In the most important election of a generation (at least since the last most important election of a generation) I have seen one poster during my walks around the local area. It was hidden in a side street down the side of a house where the entrance to the road had been blocked up while months of bridge repairs are to be carried out. It took me some trouble to find it.
As the ground war sees this mass public engagement I have throughout the months since the referendum now received four leaflets.
Two are from the SNP (one sent by post).
Two are from Labour (both delivered by activists).
There’s been nothing from any of the others (unless the kids threw them all in the bin).
No-one stopped to talk when delivering. There was no door knocking, no attempts to canvass. None of the leaflets contains much in the way of policy positions. They do though have pictures of the candidates standing in front of local things looking concerned. Brows furrowed. Both are men in suits. Both are men with glasses. As a myopic suit wearer I feel well served by the candidate choice – but both appear to operate in a world where policy is nothing.
One leaflet has the candidate standing outside the local primary school urging a vote to improve local education. That education is devolved and not an issue in this election says one thing – the candidate is too stupid to be elected (which won’t stop the electorate). That he felt this pose appropriate as his party in government has presided over declining literacy and numeracy performance (with substantial drops for those coming from the most deprived backgrounds – a group served to a large extent by the school) also says something about the campaign. Schools are good. Detail and policy less so. Some self awareness, and consciousness of what he is actually standing to be elected to, should maybe have suggested this was an issue he’d have been better not flagging up in his local pitch to voters.
The other lot have quotes from various people helped by their candidate, the sitting MP, which resolve into an apparent policy heavy assertion that he’s a bloody good bloke, operating as he does in a policy vacuum as he fulfils a role as a glorified social worker.
What do these people stand for? I have no idea. I have determined that they definitely stand for standing in front of local landmarks looking concerned, but I have no idea what motivates them. Why are they in politics? What do they want to achieve? Why do they think that they are worthy of our trust?
So despite the fact that we are, in theory, voting for a local representative – with a dearth of information, with gaping voids where one would hope to find substance, what is that vote to be based on?
To decide we must turn to the national campaigns.
These campaigns have been informative. The first few months of the year was spent asking whether or not there should be debates, and if there should be debates what form should they take? Everyone was in favour of debates. But some were more in favour of debates than others. The debates having taken place – no-one remembers anything about them – unless you are an obsessive activist tracking every utterance from every politician you don’t like for a multiple retweet worthy 140 character or so utterance accompanied by a picture with a quote on it (usually devoid of context and inaccurate).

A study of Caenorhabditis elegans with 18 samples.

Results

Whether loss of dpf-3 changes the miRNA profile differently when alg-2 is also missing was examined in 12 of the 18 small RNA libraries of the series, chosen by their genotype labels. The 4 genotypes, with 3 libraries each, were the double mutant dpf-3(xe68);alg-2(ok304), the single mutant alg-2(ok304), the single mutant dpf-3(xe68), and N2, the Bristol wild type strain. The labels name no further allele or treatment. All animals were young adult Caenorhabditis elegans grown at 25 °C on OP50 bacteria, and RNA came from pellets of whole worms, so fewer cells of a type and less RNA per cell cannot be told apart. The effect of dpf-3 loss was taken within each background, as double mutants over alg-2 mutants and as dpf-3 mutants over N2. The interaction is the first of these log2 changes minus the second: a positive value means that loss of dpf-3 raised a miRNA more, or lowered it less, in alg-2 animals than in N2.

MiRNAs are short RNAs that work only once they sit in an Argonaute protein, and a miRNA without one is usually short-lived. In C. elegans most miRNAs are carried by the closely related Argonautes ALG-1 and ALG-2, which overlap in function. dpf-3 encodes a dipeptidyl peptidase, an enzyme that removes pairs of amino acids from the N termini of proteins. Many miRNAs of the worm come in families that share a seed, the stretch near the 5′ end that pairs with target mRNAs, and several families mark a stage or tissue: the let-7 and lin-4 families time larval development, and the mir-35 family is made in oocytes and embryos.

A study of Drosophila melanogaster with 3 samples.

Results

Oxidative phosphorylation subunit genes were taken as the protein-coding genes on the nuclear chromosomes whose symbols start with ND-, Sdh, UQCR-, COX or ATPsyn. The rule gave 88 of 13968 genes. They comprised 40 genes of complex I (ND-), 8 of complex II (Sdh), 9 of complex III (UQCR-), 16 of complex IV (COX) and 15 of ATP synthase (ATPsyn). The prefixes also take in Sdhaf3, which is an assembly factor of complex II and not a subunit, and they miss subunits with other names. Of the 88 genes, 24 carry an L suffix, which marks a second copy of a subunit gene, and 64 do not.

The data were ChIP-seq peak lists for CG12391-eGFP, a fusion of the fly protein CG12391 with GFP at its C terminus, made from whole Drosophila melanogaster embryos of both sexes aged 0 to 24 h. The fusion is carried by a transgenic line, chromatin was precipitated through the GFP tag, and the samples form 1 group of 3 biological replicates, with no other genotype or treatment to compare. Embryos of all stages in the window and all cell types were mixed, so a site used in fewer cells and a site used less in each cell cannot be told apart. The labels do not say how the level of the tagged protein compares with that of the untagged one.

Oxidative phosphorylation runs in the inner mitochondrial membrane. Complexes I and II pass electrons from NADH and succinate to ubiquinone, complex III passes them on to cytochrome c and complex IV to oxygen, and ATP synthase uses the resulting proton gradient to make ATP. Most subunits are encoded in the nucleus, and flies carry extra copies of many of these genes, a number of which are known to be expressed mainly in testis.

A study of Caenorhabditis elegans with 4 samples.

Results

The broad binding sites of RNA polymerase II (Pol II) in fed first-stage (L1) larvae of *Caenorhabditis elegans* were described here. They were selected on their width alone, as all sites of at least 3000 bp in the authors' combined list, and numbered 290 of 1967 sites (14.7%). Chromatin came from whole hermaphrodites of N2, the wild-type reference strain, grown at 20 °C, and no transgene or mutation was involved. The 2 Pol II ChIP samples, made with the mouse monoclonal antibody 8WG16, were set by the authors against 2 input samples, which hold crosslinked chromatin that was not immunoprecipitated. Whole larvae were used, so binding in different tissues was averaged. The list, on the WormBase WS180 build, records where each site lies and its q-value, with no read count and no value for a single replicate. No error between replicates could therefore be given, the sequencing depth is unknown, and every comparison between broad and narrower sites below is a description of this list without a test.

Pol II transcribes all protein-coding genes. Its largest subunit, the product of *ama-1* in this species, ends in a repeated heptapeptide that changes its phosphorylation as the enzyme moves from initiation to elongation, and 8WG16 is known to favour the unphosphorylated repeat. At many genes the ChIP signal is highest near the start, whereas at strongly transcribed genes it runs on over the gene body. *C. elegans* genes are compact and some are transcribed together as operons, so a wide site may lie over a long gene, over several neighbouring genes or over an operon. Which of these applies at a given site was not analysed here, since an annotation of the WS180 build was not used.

Once the argument about the debate shad finished argument moved on to what would happen after the election. Who would work with who. Who wouldn’t work with who. Who would say they wouldn’t work with someone while planning to work with them. Who would say they wouldn’t work with someone while planning to work with everyone. That’s been the coverage for the past few weeks. An endless regurgitation of denials and assertions, and assertions and denials of those denials and assertions vomited on to the airwaves – revisited and sniffed by the media hounds every morning, and every afternoon, and every night. This is politics today. twenty hour news about nothing, with no reflection, minimal analysis.
And when leaders appear (the people who operate in specific areas hidden away from sight being interviewed by Andrew Neil in the middle of the day before an audience of half a dozen obsessives and a goldfish called Gerald) there is little scrutiny. Little examination of records. Or aspirations. Pre-rehearsed lines evade and avoid – although there is no criminal sanction for the former, or moral condemnation of the latter.
And so campaigns are reduced to three or four single sentence caricatures. There is no nuance. There is no acknowledgment of complexity. There is little engagement with reality (witness the questions asking “where will the money come from?” “Our record shows we will find it” or “There is no black hole”). And nuance and complexity and reality is avoided because it might scare some people who would vote for you into voting for someone else who eschews nuance and complexity and reality.
The assumption underpinning this is that people can’t handle complexity. They can’t handle difficulty. So best not bother them with it.
This is the situation we’re voting in.
Is it any wonder people vote negatively because someone has caricatured the argument of an opponent in a way that presses the panic button?
Is it any wonder people vote positively with no idea what they are actually voting for other than some vague aspiration the party doesn’t want to happen?
Is it any wonder people don’t vote?
They say that the public get the politicians we deserve. Maybe this time the public can ensure that the politicians get the Parliament they deserve – a Parliament where no-one can do anything. A Parliament where legislation is impossible.
We have a very good civil service. Life will carry on. Vote for benign neglect.